Posters for “Minority Report: Challenging Intolerance in Contemporary Denmark” by Martin Krenn & Oliver Ressler
No Title (EU Poster Project, 2004) was produced for “Minority Report: Challenging Intolerance in Contemporary Denmark”, an exhibition held across multiple locations in Aarhus, Denmark in 2004. The work highlights the reliance of capitalism on gender and race division.
One version of this work was presented as a 4 x 4 m large banner on the facade of The Equestrian Hall in Aarhus, where a part of the exhibition took place. During the night of September 24-25, 2004 – one day before the opening of “Minority Report” – it was taken down and stolen by an unknown person/group.
The second version of this work was produced as a poster (175 x 118,5 cm) for display in 90 city light boxes in Aarhus during the week of October 18-24, 2004. But the billboard company AFA JCDecaux rejected to present the billboards to the public. They claimed it is not possible to present a work that uses the logo with the 12 stars of the European Union, because it was a copyright violation. It is obvious that the company and Aarhus Municipality did not want to present the poster in their city light boxes because of its political content.
The text on the banner and billboard posters read:
“The ruling principle of capitalism legitimizes itself by means of two contrary ideologies: on the one hand the universalistic claim of the competitive society and on the other hand racism and sexism. Capitalism’s non-redeemable promise of equality is in need of ideologies of inequality like racism. Racism makes legitimate the existing relations of inequality in capitalism and thereby contributes to its reproduction. Anti-racist practice should therefore always also aim at the demontage of the capitalist system.”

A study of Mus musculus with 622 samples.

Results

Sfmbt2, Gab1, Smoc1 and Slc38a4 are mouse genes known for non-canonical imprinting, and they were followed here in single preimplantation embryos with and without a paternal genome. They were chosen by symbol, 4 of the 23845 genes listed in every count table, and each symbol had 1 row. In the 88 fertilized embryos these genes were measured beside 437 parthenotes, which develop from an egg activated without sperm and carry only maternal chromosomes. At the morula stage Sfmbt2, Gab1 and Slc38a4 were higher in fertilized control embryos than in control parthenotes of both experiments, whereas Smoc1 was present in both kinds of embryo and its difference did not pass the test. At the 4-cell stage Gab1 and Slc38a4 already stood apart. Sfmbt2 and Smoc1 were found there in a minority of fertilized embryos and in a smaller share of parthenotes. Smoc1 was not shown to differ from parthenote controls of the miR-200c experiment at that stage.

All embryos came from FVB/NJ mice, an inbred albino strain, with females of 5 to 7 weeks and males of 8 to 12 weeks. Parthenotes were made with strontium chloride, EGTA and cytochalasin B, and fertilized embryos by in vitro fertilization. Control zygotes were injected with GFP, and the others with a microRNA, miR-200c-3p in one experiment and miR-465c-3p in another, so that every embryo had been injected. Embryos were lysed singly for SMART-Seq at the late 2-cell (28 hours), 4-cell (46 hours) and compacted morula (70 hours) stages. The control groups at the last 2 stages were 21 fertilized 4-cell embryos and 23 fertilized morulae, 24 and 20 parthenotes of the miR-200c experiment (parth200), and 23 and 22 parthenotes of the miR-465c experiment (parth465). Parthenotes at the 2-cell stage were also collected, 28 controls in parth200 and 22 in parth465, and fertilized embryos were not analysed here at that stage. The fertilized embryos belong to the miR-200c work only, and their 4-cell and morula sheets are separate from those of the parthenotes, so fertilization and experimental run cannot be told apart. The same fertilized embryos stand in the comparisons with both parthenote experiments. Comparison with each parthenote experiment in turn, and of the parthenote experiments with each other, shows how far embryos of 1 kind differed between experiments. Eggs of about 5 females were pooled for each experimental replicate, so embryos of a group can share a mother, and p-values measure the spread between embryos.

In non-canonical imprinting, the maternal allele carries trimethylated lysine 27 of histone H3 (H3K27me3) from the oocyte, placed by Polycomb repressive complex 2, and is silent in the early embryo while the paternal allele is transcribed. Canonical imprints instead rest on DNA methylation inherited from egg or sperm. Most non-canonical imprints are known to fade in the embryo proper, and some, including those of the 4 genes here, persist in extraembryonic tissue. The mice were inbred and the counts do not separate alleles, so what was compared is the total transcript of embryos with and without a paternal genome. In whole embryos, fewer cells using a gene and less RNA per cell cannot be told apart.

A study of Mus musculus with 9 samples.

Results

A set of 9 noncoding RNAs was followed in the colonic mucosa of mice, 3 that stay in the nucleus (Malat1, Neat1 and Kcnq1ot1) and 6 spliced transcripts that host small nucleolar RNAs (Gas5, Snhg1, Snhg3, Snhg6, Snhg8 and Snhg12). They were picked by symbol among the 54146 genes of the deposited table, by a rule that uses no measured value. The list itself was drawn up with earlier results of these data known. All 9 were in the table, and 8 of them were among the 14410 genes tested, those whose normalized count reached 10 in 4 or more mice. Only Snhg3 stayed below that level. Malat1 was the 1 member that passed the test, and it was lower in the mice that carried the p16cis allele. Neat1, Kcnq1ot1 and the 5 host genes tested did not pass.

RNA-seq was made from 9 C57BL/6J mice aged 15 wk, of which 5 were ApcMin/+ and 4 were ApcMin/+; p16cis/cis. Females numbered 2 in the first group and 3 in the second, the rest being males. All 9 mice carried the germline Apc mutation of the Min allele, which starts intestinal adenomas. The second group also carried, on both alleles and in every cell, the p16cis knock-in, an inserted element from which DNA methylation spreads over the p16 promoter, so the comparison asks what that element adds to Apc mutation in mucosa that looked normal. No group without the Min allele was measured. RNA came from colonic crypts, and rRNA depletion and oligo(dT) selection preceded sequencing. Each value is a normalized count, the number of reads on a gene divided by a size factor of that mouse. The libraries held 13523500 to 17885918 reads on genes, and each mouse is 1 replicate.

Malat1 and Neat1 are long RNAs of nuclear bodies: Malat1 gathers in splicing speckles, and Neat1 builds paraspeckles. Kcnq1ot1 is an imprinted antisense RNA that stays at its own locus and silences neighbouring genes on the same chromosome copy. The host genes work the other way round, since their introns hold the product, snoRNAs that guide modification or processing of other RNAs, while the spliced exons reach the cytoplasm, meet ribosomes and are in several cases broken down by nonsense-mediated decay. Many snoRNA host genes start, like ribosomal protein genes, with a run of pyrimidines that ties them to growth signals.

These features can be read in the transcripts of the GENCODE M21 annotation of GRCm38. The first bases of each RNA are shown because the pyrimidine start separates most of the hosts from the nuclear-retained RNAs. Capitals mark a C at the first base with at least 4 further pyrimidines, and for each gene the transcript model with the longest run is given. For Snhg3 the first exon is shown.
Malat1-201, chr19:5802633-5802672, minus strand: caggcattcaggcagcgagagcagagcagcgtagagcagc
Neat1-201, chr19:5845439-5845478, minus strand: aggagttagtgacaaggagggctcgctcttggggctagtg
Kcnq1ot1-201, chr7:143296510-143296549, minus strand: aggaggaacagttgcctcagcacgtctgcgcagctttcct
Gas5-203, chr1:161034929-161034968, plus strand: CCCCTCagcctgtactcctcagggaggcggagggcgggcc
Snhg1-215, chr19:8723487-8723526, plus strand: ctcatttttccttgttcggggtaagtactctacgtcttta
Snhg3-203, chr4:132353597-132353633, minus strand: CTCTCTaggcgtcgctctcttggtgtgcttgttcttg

The artists stated: “It is a shame that the city of Aarhus rejects to make our billboards available to the public in their 90 city lightboxes, although they agreed to do so at an earlier stage. The theft of our banner before the opening of Minority Report and the reaction of Aarhus Municipality to censor our anti-racist art work seem to be linked to the political situation in Denmark. The existing dominant image of the right-wing politics of exclusion in Denmark unfortunately has been confirmed through this action.”
After pressure by media like TV Denmark, radio stations and newspapers and an intervention by Oliver Ressler and Martin Krenn to destroy three stars of the EU Logo on the poster Aarhus Municipality had to give in. The posters were finally installed in 90 light boxes throughout downtown Aarhus. The very weak excuse to censor the work because of a “copyright violation” was undermined by the intervention from the artists.